This week, MAGNET’s Mitch Myers reports from the Vision Festival, the avant-garde jazz event in New York City.
It has been said, as well as disputed, that Manhattan is ground zero of the jazz universe. The city has always done quite well providing the opportunity for diverse live jazz performances. With the long-running JVC Jazz Festival (formerly the Newport Jazz Fest) being cancelled this year—a grim sign of the times—the fact that a large, well-organized avant-garde jazz festival can still happen is something to be celebrated. On Tuesday night, down on the Lower East Side at the Abrons Arts Center, the 14th edition of the Vision Festival kicked off in suitably regal fashion. Percussionist Hamid Drake, singer/dancer Patricia Nicholson-Parker and the festival’s founder, bassist William Parker, provided an invocation for the event, revealing an earnest, retro-beatnik spirituality that will undoubtedly pervade the week’s festivities. Parker played an unusual-looking homemade electric bass while his wife danced and recited poetry and Drake supplied intricate waves of rhythm on a large hand drum. Parker later switched to an Eastern-made reed instrument, and Drake added his own voice to the plaintive invocation.
The first “band” to perform was Brass Bang, featuring veteran violinist Billy Bang (pictured) accompanied by three trumpeters, trombonist Dick Griffin and young Russell Carter on drums. Before the first number, Bang spoke to the audience, illuminating the relationship between violin and trumpet in jazz, which goes all the way back to violinist Stuff Smith imitating the trumpet lines of Louis Armstrong. Bang, who has been playing outré jazz since the 1970s, was mentored by the late Don Cherry, the elfin trumpeter best known for playing with Ornette Coleman. Bang’s compositions allowed for plenty of soloing by trumpeters Ahmed Abdullah, Ted Daniel and James Zollar, and the band finished its set with an arrangement of Duke Ellington’s “Take The ‘A’ Train.” Note: In the old days, Ray Nance played violin and trumpet for the Ellington band.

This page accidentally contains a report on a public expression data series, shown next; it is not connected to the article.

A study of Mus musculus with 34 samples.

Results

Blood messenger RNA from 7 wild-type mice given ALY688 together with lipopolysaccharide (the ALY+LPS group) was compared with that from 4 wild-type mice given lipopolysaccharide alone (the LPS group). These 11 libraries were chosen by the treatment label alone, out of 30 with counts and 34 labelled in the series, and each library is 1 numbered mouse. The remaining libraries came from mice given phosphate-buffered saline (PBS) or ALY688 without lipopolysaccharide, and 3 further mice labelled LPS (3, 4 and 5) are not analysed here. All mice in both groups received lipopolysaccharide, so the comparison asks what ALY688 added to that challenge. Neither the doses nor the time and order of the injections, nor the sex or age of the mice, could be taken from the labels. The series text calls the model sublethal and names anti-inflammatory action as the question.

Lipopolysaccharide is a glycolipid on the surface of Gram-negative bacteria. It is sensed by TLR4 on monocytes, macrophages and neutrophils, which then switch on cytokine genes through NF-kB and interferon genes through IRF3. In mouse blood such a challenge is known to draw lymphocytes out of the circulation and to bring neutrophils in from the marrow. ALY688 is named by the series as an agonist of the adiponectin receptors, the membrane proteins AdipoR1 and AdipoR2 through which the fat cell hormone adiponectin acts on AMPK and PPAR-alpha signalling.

Keeping the beat vibrations flowing, multi-instrumentalist Douglas R. Ewart led a wooly band of players, along with noted black poet laureate Amiri Baraka. Baraka recited prose in bohemian style, accompanied by the flutes and saxophones of Ewart, J.D. Parran and Joseph Jarman, Thurman Barker on drums and marimba, and Donald Smith on piano. Ewart, Jarman and Barker are all noted veterans of the AACM (Association for the Advancement of Creative Musicians), which was formed in 1960s by free-thinking musicians from Chicago’s South Side. The Jamaican-born Ewart and his band maintained the bold musical traditions of the AACM, with Ewart, Baraka and Jarman all spouting joyous poetry in hip, irreverent style.
The very long evening ended with Lawrence D. “Butch” Morris conducting A Chorus Of Poets & String Ensemble. If you’ve never seen Morris conduct, check him out—his music and methods have no boundaries, and “Conduction No. 187, Erotic Eulogy” was no exception. Moving forcefully in front of his ensemble and gesturing like a black-jazz Leonard Bernstein, Morris generated some of the most unusual and rewarding music of the night. His brave interpolation and perpetual rearrangement of voices, text and strings was artful and intelligent, and he left the audience mostly drained but also satisfied.
Next up: Wednesday’s highly anticipated showcase and lifetime recognition of saxophonist Marshall Allen, who will be playing a special set before directing the Sun Ra Arkestra, a band he’s been associated with for the last half-century. For those around Manhattan who can make it sometime this week, you can meet me at the jazz corner of the world.